Can You Eat Apples With Apple Scab?

So, you’ve got scabby apples from your backyard tree that don’t look like the gorgeous fruits you picture when thinking of apples? Instead, they’ve got those brown or black lesions with a corky surface – yes, that’s what’s called an “apple scab,” in case you’re wondering! 

So what is apple scab, and can you eat apples with apple scab? Yes. If you just remove the visible scar on the surface with a knife, the rest of the apple is safe to eat. 


However, since it’s your health in question, it’s okay to be a little paranoid. You may still be wondering, are apples with apple scab safe to eat? Naturally, you’ll want to know what it really is before enjoying your harvest to the fullest. Let’s dig deeper into the disease before deciding whether or not to toss the not-so-perfect apples in the trash. 

What Is Apple Scab?

Apple scab is a common fungal disease that affects apple trees, caused by the fungus Venturia inaequalis. It’s especially prevalent in areas where spring and summers are wet and cool and affect both leaves and fruit.  

The disease overwinters in fallen leaves, branches and soil, and is spread by water splashes, wind, and rain to the leaves and blooms, especially in spring. Like all fungi, apple scab thrives in damp, rainy periods. New growth is the most susceptible to apple scab. Eventually, it will spread to the fruit, causing heavy crop losses.  Don’t wait until it’s too late to save a dying apple tree.


What Does Apple Scab Look Like?

Can You Eat Apples With Apple Scab

Can you eat apples with apple scab? Before deciding if an ugly apple is safe to eat, you first need to make sure if it’s really apple scab or something else that’s affected your harvest. Symptoms of apple scab will be visible on the tree leaves too, besides the fruit.


The first signs of the disease will appear in the form of dull olive-green spots near the veins on the underside of the leaves that are closest to the buds. As the infection progresses, these spots will turn black or brown, with a velvety surface, half an inch in diameter. In later stages, the leaves can become deformed and dwarfed, turn yellow and drop early in summers.   

Symptoms On The Fruit

What does apple scab look like on the fruits? You’ll find olive-green spots on the young apples that turn black or brown as the fruit matures, and acquire a corky surface, sometimes with cracks. Fruit drop is also common in apple trees infected by apple scab. Sometimes, black lesions will only appear after apples are harvested and stored. It’s called “storage scab” and occurs when the infection attacks close to harvest. 

Are Apples With Apple Scab Safe To Eat?

Can You Eat Apples With Apple Scab

The apples from an infected tree may be unsightly, but they’re safe to eat. The infection on the apples is only superficial, so if there are some scabs on the skin, you can remove them with a knife and consume the rest of the apple. 

Unlike other fungi, Venturia inaequalis does not produce the enzymes that promote the rotting of the fruit. Consequently, the lesion will most likely linger on the surface, and the inside of the fruit will be unaffected.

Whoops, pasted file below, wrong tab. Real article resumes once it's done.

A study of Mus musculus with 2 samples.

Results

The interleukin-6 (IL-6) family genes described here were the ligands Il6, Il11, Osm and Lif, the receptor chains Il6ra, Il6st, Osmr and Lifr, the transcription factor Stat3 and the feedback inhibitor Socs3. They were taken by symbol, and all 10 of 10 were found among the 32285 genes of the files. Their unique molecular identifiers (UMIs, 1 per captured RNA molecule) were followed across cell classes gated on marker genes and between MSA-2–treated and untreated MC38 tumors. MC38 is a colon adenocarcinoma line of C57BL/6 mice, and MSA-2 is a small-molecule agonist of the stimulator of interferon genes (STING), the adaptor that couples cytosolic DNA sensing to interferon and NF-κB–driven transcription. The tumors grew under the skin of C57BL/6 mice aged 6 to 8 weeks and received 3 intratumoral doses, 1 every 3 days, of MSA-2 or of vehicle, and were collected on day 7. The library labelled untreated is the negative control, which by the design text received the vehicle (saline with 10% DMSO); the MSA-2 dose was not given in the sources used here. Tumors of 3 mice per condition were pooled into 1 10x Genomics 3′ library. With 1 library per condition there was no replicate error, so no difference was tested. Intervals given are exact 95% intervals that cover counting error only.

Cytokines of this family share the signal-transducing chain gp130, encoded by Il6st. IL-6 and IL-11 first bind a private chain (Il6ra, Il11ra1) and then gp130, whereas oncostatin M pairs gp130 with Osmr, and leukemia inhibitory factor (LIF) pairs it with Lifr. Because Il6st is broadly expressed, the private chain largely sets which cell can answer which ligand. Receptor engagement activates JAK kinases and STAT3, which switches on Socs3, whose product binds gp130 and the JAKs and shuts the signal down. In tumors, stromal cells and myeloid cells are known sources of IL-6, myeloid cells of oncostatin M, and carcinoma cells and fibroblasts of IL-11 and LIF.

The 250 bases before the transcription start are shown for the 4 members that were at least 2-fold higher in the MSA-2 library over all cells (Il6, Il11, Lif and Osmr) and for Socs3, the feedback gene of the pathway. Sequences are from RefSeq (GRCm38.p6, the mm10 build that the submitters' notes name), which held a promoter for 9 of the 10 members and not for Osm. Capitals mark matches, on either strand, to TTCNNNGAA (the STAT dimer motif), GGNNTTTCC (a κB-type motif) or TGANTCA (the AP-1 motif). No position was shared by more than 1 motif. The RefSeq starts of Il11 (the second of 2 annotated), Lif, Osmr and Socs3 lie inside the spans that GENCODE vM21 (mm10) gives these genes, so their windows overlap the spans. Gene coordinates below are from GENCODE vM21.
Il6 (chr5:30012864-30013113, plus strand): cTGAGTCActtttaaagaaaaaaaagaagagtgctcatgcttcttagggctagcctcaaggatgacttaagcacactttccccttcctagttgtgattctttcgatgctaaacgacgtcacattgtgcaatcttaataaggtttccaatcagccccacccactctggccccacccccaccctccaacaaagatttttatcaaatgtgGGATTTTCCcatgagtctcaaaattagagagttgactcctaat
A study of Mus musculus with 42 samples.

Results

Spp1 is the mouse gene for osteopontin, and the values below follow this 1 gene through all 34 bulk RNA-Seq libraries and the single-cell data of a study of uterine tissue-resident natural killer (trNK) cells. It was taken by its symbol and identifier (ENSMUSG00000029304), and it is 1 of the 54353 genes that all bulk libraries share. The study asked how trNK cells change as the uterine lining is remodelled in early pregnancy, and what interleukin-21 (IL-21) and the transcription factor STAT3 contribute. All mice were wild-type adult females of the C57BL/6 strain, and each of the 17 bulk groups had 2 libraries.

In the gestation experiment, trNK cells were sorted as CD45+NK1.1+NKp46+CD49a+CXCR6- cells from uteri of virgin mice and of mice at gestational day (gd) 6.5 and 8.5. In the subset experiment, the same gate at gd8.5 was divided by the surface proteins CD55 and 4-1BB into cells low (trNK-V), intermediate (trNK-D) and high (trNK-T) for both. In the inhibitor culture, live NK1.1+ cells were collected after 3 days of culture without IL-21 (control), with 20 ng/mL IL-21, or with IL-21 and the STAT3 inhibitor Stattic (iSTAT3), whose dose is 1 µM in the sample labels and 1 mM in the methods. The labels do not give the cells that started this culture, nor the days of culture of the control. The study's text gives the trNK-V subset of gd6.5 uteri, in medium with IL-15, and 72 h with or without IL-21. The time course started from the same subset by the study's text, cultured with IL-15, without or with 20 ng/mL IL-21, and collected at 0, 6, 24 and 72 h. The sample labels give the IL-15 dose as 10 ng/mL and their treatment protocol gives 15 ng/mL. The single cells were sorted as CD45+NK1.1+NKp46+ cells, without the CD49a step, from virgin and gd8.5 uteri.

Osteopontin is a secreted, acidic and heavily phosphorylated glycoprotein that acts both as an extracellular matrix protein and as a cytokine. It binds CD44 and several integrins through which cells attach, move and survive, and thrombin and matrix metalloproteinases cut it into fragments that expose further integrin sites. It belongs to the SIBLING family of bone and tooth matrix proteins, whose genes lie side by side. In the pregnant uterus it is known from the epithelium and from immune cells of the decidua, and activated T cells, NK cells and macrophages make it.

You already know what does apple scab look like on the fruits. If the fruit is severely infected, you may also find one or more cracks on the skins. You’ll need to be extra careful with these apples since cracks can make way for other, possibly hazardous, pathogens to enter the fruit. It’s still safe to cut around the cracked area and consume the good portion in most cases. 


How To Use Apples With Apple Scab

So, now you understand what is apple scab. Can you eat apples with apple scab? It’s decided – apples with apple scab are safe to eat. However, don’t forget to peel off the ugly skin and discard it. Without the skin, the apple core is perfect for eating. However, it’s not going to be too pretty without the bright peel. If you’re not too keen on eating them fresh, look for recipes that involve peeled and cooked apples. 

They’re plenty you can try – after all, apples are the heart of countless desserts! Apple pie, apple crumble, apple sauce, apple cobbler, apple cider, apple jam, and plenty more can turn your failed harvest into a success!  

Secure Your Next Harvest From Apple Scab

Can You Eat Apples With Apple Scab

While you can make do with this year’s unappetizing harvest, you wouldn’t want to go through the same trouble next year, would you?

Are apples with apple scab safe to eat? Yes. However, why not try to achieve the picture-perfect apples you see at the farmer’s market when you have a beautiful tree in your yard. Here are some things you can do to manage apple scab on your tree:

  1. Rake around the tree all year round, even when it’s not fall. Remove and discard all the fallen leaves.
  2. Yearly pruning keeps the tree healthy and free from many diseases. It aerates the crown, helping it dry quicker after a downpour and make it less welcoming to fungal spores.
  3. Add a 3 to 4-inch layer of compost around the tree, a little distance away from the trunk. This will cover the soil to prevent the spread of fungal spores from water splashes. 
  4. Although fungicides won’t treat the tree’s existing infection, spraying these on an infected tree can prevent further spread. Spray fungicide as soon as buds start forming and repeat as instructed on the package.

2 thoughts on “Can You Eat Apples With Apple Scab?”

  1. My small orchard is infected with scab and I’d still like to bring them to a nearby orchard to be pressed. Will this infect the nearby orchard to press them for cider?

    • To be safe I would say no don’t take them to be pressed as apple scab is highly contagious. There is a risk the spores will get back to the orchard. You could look to press them yourself or worth mentioning it to the orchard to see if their pressing area is a suitable distance from the orchard.